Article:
The Fourth Estate is not interested in petty gossip and unfounded rumors. We report on matters of high policy pertaining to the public interest. Consequently, the rumor of a sexual liaison between a certain presidential candidate and a female intern with the Associated Press wouldn't ordinarily be the sort of thing we'd stoop to publish or broadcast. Sadly, however, overriding considerations compel us to share this information with the public:
1) It's a press story. "Welcome to Reliable Sources, where we turn a critical lens on the media. I'm Howard Kurtz. Should the media report unsourced rumors about THAT WOMAN JOHN KERRY'S BEEN BANGING BEHIND TERESA'S BACK? How much coverage of a candidate's private life is too much? Here to discuss this with us are Tom Rosenstiel and Bob Guccione."
An imaginative new variation on this approach is to omit the ethics angle entirely and merely speculate about whether the press will report on the rumor, as if it were some other beast entirely from oneself.
2) It's an Internet phenomenon. The people sharing rumors about John Kerry's sex life by e-mail and on Weblogs constitute a vital new subculture—a new news medium, if you will, one that doesn't play by the old rules. This cries out for sociological analysis.
3) It's a story about bare-knuckled negative campaigning. Dukakis campaign manager John Sasso lost his job in 1988 for secretly distributing to TV news organizations an "attack video" comparing a speech by rival candidate Joe Biden with the speech it was plagiarized from, by British Labor Party leader Neil Kinnock. Shame on him! But thanks for the fabulous footage …
This time, the role of Sasso is played by Chris Lehane, former press secretary to Wes Clark, and, before that, to John Kerry. But in a new twist, Lehane's role is an unconfirmed rumor, too! (Lehane gets blamed for everything nasty in the 2004 presidential race.)
4) It's a story about financial impropriety, maybe. Housing Secretary Henry Cisneros' affair with Linda Jones became the public's business because he paid her more than $250,000 while the taxpayers were paying his salary. Apparently the taxpayers didn't want him spending his salary on a sexy blonde; they wanted him to spend it on a subscription to National Journal. Cisneros resolved this by paying $100,000 to the government. If this can be sold as a financial scandal, anything can.
5) It's a story about sexual harassment. See Paula Jones, Monica Lewinsky, et. al. In lieu of actual evidence, it's sufficient to find the accuser believable. That was Wall Street Journal editorialist Dorothy Rabinowitz's justification for running with the story of Juanita Broaddrick, who claimed that Bill Clinton raped her. Previously, Rabinowitz had achieved renown by disbelieving stories of sexual impropriety.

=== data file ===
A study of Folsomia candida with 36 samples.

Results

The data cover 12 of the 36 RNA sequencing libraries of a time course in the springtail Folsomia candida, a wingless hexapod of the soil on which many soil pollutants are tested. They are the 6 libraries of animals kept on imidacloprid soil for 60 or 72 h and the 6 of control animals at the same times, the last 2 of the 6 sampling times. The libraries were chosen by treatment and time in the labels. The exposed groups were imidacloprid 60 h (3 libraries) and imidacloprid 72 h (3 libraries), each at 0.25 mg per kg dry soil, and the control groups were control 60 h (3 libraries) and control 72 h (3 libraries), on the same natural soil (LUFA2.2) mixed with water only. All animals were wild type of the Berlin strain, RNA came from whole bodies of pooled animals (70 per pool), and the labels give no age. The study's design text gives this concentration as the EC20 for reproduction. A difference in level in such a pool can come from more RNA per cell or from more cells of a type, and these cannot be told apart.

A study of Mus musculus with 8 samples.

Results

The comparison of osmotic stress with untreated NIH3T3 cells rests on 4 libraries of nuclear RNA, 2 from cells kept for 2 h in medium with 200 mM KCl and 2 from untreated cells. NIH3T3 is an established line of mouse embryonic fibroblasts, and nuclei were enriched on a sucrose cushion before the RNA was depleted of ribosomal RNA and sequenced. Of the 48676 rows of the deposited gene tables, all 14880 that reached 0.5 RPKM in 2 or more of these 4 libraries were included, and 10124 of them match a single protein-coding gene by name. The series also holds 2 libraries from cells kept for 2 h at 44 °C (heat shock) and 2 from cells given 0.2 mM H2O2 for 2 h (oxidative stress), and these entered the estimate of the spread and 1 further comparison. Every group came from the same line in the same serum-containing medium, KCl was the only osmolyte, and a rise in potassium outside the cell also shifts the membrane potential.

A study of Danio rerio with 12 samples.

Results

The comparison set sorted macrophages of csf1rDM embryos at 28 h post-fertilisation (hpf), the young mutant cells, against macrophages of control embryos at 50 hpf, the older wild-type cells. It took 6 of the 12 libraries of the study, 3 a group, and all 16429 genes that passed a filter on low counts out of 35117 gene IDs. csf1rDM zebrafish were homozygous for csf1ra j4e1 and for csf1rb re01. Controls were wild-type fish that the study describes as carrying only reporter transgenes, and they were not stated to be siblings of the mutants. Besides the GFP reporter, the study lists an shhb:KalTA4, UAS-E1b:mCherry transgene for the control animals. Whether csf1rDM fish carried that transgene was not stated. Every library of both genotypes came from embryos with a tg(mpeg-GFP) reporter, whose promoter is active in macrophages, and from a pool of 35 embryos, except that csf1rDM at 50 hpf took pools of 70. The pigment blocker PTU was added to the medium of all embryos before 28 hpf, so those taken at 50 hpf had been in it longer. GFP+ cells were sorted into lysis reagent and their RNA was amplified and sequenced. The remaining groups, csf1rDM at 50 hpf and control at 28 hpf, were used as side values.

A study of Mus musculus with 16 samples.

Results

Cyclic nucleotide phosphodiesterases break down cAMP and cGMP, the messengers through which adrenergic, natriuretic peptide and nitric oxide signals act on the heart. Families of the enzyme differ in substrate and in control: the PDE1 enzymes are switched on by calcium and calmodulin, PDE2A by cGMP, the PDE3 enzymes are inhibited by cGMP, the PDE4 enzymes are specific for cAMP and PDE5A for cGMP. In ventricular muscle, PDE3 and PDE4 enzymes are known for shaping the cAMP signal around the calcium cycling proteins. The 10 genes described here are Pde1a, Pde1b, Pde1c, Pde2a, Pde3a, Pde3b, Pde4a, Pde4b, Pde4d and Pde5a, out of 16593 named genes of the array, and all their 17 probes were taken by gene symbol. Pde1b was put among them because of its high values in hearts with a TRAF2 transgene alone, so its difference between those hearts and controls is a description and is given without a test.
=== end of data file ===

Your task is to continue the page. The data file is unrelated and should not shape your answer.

6)It's a story about character. Suzannah Lessard published an essay two decades ago in the Washington Monthly * about presidential candidate Ted Kennedy's womanizing, and what it might mean about his character. She tactfully left out the evidence. Now we never leave out evidence, or even speculation. If people say nasty things about you, that in itself reveals something about your character—even if they aren't true!
7) It's a story about hypocrisy. Every politician praises the institutions of marriage and the family. Ergo, every politician is a hypocrite when rumored to be having an affair. In the future, all politicians will be forced to praise promiscuity and to say that marriage should be banned not only for gays, but for heterosexuals.
8) It's a story about electability. Anything that's believed about Kerry, even if it's untrue, affects his electability. He is not a person. He is the public's perception of a person. A rumor is a component of that perception.
9) It's a story about a Democrat, and all Democrats are scum. This justification only works for the conservative press.
10) Lighten up—it's a humor piece! Never trust anyone who tries to justify himself this way.
Correction, Feb. 19, 2004: An earlier version of this column erroneously stated that the New Republic published Lessard's article. Although the New Republic commissioned the piece, a dispute arose among its editors about whether the subject was appropriate, and eventually the magazine decided not to publish it. Lessard then passed her article on to the Washington Monthly. (Return to the corrected item.)